The Dance of the Northern Lights: Photos & Video

I'm not very good at weather. I instinctively tune out when the weather forecast comes on the radio, no matter how determined I am to listen, I just can't keep track of the forecast. And that's not great for someone who lives in Canada, where the weather is kind of a deal. It's the small talk at the grocery store, the opener to a phone conversation with Grandma, the deciding factor on winter road trips. But I love skies, and you can tell a lot by the sky. Yesterday morning it was pretty chilly out, about -16C (2F) and yet as soon as we left the house and reached the highway, we noticed the telltale sign of warmer weather; the clouds above arched across the horizon in a band. This usually means a chinook (warm, spring-like wind with above-freezing temperatures) is on its way. We love chinooks for the brief respite from winter and while yesterday's warm front didn't quite materialize fully (it did get up to -3C for a few hours), we enjoyed watching the sky change from overcast to clear and the frost melt from around the window frames. The kids went out sledding in the dark and when I went out to watch them, I was treated to a spectacular display of northern lights. Northern Lights - Angela Fehr The aurora borealis, or northern lights, which is what we usually call them since we don't want to be pretentious, are such a delight. While we are not far enough north to see the lights in a wide range of colours, the display is always beautiful and mysterious, painting the sky in subtle greens and whites. When I saw them yesterday, I immediately ran in the house and googled how to take night photos with my camera, something I've wanted to learn for a while! Northern Lights - Angela Fehr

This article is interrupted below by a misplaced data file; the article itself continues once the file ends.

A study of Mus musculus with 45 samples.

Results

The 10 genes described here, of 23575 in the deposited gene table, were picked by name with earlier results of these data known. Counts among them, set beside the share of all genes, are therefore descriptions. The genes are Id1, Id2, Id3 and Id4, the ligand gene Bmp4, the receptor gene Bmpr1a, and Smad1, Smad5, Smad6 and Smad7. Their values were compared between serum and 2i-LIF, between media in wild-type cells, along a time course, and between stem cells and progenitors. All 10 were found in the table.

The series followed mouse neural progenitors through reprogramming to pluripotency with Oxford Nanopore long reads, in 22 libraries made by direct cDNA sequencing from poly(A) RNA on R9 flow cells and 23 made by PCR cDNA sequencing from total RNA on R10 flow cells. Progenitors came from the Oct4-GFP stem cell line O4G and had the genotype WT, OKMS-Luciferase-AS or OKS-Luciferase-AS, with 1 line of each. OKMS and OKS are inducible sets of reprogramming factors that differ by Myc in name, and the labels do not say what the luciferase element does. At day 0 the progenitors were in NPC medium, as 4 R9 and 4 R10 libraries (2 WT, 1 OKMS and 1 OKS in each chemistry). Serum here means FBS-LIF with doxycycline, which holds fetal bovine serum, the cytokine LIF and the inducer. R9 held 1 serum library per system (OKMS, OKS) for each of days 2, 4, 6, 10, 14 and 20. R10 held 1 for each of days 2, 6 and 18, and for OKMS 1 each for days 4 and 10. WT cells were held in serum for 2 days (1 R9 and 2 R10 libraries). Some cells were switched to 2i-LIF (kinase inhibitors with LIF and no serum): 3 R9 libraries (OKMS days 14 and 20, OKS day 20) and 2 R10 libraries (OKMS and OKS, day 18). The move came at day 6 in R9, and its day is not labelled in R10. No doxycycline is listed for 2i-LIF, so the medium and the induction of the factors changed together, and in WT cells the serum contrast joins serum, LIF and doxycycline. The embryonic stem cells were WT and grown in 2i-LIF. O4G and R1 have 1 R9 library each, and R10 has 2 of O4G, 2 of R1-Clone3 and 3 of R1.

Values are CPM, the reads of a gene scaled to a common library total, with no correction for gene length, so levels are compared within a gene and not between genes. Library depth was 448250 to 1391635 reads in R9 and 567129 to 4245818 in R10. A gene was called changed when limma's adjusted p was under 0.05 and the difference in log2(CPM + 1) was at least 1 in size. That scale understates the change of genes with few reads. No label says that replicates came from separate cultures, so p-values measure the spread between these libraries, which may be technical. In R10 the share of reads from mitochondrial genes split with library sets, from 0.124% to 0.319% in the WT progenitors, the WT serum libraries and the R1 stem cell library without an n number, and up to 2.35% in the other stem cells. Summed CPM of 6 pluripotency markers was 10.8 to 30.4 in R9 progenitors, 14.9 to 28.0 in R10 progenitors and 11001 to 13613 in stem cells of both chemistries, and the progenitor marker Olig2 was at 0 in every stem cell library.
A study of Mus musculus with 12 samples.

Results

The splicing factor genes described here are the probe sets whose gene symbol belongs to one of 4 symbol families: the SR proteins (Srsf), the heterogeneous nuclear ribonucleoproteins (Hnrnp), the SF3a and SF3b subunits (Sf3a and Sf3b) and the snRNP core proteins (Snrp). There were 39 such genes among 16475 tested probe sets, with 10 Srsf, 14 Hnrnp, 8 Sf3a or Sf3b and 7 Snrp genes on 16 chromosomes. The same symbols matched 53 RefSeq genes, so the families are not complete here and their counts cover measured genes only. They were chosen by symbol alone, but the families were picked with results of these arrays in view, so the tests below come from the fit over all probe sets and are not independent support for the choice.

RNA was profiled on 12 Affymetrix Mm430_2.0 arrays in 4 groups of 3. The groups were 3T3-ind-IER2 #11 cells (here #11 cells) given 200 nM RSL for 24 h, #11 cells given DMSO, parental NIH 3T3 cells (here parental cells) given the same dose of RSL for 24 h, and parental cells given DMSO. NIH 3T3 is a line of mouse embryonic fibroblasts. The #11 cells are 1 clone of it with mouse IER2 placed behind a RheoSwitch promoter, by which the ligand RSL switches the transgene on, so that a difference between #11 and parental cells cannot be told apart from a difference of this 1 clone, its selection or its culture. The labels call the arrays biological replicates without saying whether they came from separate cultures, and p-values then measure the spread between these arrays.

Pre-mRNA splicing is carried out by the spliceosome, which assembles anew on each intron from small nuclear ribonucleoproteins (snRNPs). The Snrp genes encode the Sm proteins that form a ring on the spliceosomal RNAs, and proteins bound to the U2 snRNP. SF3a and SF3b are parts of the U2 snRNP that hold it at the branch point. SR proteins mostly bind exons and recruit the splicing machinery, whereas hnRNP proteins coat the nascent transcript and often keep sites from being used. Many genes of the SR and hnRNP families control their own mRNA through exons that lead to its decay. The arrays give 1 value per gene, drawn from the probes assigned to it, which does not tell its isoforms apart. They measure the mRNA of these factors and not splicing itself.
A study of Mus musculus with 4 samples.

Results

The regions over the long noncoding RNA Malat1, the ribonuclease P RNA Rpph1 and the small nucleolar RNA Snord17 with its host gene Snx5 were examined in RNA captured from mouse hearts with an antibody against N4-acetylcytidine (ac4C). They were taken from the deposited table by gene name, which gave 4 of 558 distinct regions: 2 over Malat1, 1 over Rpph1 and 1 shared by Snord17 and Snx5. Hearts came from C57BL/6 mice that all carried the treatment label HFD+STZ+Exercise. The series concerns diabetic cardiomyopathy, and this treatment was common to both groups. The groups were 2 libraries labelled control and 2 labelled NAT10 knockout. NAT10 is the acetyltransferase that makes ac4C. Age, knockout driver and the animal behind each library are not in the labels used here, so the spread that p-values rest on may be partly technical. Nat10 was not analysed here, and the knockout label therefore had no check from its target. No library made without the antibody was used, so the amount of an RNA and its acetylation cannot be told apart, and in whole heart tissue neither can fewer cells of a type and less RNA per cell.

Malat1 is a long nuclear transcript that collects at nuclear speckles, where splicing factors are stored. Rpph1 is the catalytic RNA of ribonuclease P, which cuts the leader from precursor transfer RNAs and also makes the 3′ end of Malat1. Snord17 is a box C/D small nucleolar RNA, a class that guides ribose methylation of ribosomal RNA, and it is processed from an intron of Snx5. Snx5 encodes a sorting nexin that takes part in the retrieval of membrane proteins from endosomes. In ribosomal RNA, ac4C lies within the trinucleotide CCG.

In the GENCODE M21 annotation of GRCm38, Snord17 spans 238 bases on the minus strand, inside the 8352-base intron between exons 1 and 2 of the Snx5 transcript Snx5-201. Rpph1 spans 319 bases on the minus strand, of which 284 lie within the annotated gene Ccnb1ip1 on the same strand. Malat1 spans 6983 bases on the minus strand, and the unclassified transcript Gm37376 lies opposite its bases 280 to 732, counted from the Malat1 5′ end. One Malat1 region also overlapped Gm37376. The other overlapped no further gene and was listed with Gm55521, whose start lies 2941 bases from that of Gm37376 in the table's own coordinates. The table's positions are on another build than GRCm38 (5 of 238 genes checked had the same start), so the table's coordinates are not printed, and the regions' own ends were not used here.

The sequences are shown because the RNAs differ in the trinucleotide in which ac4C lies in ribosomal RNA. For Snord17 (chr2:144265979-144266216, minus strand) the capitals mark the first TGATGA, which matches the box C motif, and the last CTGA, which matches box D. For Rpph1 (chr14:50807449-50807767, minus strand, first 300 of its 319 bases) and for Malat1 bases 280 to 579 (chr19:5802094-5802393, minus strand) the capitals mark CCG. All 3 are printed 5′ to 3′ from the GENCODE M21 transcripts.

They were unpredictable, dancing vividly across the sky in tongues of wispy, glowing green one moment, then vanishing a moment later. My camera needs a wider angle lens to really capture the beauty of this natural phenomenon, one of the treasures of the north. Northern Lights - Angela Fehr

I also captured some time-lapse video of the lights, about ten minutes of footage taken over the course of the evening. They don't move nearly as fast as the video suggests, but they are just this graceful.

It's the winter equinox tomorrow. The sun will rise at 9:30am and set at 4:30pm and yes, that's a pretty short day. But the longer I live in this little corner of British Columbia, the more I love it, unpredictable skies, frigid winters, short days and all.